Our trip to Delphi was last minute, but thankfully we were able to book two tickets for a bus tour that would pick us up and make the two-hour drive to Delphi super informative. This tour allowed us to see what was outside of Athens, and it was beautiful! The mountains were covered in wildflowers. We drove through a mountain city called Arachova, a popular tourist destination for ski lovers. I really wish our tour included some free time in Arachova. Unfortunately, we were only able to admire the village from inside the bus.
In ancient times, Delphi was believed to be the center of the world. According to Greek Mythology, Zeus sent out two eagles from the ends of the universe to find the navel of the world and they met in Delphi. It was the center of worship for the god Apollo and arguably the most important sacred site in the Greek world. People from every corner of the world came to visit the Sanctuary of Apollo to seek guidance from the Oracle at Delphi. Various offerings were given to Apollo from kings, city-states and historical figures, who believed that sending a valuable gift to the sanctuary would ensure the favor of the god. Treasuries were built to house offerings along with a theater and a stadium for chariot races.
The famous oracles were given a small chamber inside the temple. Questions were submitted to the Oracle on a tablet, and the Pythia (priestess) was said to be in a mild trance and spoke for Apollo when giving her answers. It was recorded by ancient authors that the Pythia received her oracles from a chasm in the earth that emitted vapors. A fault line was discovered in the 1980’s, and faults are known to bring gases to the surface of the earth. It is commonly believed now that this is the cause of the spiritual experience and mystical mood surround the oracles of Delphi.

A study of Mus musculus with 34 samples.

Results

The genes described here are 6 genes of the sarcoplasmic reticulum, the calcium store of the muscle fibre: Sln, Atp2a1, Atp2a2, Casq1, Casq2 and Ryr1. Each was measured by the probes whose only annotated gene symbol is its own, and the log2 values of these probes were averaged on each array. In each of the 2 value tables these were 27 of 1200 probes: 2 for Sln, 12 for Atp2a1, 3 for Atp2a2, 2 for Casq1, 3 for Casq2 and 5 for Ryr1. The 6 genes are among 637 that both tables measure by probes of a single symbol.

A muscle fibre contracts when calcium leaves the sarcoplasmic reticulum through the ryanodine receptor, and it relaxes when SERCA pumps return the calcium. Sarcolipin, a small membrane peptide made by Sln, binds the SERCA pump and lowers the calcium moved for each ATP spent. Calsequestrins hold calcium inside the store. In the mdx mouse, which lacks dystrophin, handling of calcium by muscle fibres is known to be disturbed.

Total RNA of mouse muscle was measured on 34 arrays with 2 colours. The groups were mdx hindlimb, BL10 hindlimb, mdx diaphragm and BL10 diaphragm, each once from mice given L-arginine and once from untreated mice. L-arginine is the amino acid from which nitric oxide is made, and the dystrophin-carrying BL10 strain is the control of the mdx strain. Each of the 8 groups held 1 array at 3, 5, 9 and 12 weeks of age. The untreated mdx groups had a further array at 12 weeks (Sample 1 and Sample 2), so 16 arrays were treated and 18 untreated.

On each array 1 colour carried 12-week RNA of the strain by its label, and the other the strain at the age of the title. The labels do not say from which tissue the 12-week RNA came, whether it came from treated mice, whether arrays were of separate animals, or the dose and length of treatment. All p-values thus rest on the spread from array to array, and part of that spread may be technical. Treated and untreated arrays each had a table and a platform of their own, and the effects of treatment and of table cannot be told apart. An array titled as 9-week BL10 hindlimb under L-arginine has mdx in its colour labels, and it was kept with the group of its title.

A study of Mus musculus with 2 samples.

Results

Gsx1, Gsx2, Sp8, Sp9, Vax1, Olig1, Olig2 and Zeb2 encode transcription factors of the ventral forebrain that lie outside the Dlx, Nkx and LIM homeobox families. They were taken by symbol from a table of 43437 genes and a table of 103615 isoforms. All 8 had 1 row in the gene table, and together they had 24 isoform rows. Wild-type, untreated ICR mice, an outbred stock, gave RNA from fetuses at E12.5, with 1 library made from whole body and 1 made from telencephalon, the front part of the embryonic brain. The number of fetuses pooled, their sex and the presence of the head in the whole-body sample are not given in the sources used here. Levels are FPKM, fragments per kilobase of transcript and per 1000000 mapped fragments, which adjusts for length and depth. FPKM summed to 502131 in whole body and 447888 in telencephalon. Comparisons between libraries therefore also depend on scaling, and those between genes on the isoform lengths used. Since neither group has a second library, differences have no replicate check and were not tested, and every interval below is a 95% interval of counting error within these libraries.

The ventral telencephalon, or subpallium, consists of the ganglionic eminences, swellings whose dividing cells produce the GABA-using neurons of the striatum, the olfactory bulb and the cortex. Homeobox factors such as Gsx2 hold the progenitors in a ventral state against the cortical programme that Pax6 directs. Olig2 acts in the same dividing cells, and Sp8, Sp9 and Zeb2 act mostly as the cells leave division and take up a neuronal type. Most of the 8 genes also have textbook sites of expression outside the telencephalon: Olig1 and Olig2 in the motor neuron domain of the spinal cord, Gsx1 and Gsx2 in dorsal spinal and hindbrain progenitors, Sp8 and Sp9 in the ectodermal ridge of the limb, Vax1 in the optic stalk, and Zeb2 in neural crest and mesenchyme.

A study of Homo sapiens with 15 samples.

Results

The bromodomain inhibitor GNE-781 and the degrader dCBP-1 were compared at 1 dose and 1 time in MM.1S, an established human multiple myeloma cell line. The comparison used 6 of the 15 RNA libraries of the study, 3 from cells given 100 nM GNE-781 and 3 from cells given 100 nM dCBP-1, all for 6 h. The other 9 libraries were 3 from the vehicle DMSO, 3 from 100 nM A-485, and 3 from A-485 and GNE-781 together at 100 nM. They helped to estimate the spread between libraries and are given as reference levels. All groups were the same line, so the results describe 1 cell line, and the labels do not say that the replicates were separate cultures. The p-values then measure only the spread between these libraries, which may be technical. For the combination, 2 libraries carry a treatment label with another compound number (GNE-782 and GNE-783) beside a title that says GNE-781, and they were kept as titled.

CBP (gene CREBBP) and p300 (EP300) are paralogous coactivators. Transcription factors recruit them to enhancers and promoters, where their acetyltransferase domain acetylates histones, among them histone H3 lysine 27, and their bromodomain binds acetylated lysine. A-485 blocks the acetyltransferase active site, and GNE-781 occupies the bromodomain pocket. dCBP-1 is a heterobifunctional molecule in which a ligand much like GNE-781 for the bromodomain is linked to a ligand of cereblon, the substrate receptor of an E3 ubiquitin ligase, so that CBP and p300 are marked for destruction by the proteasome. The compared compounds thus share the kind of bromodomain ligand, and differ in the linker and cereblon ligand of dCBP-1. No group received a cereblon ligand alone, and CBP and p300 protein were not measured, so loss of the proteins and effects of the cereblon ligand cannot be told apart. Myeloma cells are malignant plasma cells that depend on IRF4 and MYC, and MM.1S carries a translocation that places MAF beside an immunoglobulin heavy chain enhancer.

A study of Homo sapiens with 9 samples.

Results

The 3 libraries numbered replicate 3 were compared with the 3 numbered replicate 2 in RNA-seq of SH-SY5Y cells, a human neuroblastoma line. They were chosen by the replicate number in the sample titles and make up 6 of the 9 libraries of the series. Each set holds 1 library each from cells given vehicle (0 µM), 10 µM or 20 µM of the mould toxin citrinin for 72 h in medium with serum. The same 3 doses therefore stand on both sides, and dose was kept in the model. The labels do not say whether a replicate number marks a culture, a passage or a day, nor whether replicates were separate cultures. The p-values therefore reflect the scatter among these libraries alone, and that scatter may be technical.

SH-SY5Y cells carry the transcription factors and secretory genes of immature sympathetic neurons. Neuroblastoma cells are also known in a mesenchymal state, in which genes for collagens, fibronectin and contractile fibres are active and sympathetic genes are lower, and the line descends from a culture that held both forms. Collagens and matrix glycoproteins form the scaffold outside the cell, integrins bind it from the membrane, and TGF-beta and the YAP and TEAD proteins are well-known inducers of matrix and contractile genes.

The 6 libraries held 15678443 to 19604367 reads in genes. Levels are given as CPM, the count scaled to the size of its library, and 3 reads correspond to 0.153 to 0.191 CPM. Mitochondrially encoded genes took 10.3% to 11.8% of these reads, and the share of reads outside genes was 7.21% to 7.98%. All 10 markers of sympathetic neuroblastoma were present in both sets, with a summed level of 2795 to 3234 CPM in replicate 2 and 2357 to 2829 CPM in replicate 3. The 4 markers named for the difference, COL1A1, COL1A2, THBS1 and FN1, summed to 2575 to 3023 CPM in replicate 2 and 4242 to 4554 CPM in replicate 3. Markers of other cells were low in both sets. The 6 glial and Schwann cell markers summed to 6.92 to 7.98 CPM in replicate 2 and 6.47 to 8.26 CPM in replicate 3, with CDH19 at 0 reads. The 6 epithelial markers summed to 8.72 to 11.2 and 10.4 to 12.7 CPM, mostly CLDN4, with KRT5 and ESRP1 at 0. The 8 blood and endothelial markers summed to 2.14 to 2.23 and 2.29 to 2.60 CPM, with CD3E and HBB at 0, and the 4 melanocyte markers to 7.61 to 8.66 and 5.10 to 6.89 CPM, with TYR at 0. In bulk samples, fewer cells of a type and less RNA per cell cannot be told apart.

We were given time during the tour to make the climb up to view the theater from above, and the stadium built for Olympic type games and chariot races. We met at the museum later for a tour explaining all of the artifacts found in Delphi.
The museum holds many well-preserved artifacts from ancient times. The Charioteer is one of the best-preserved examples of classical bronze casts. Pictured in the circles below is the Sphinx of Naxos circa 560 BC and a kylix found in a tomb at Delphi with the god Apollo painted on it.
Our final stop on this tour of Delphi was the ruins of the Temple of Pronoia Athena. This was the entry point for all those coming to visit the Sanctuary of Apollo. The shrine was built at the gateway because it was Athena’s duty to protect her half-brother Apollo.
The next day we headed back home totally exhausted, but so grateful for the journey we had just been on. Greece was #1 on my must-visit list and I’m really glad I was able to experience the history and culture of an ancient civilization.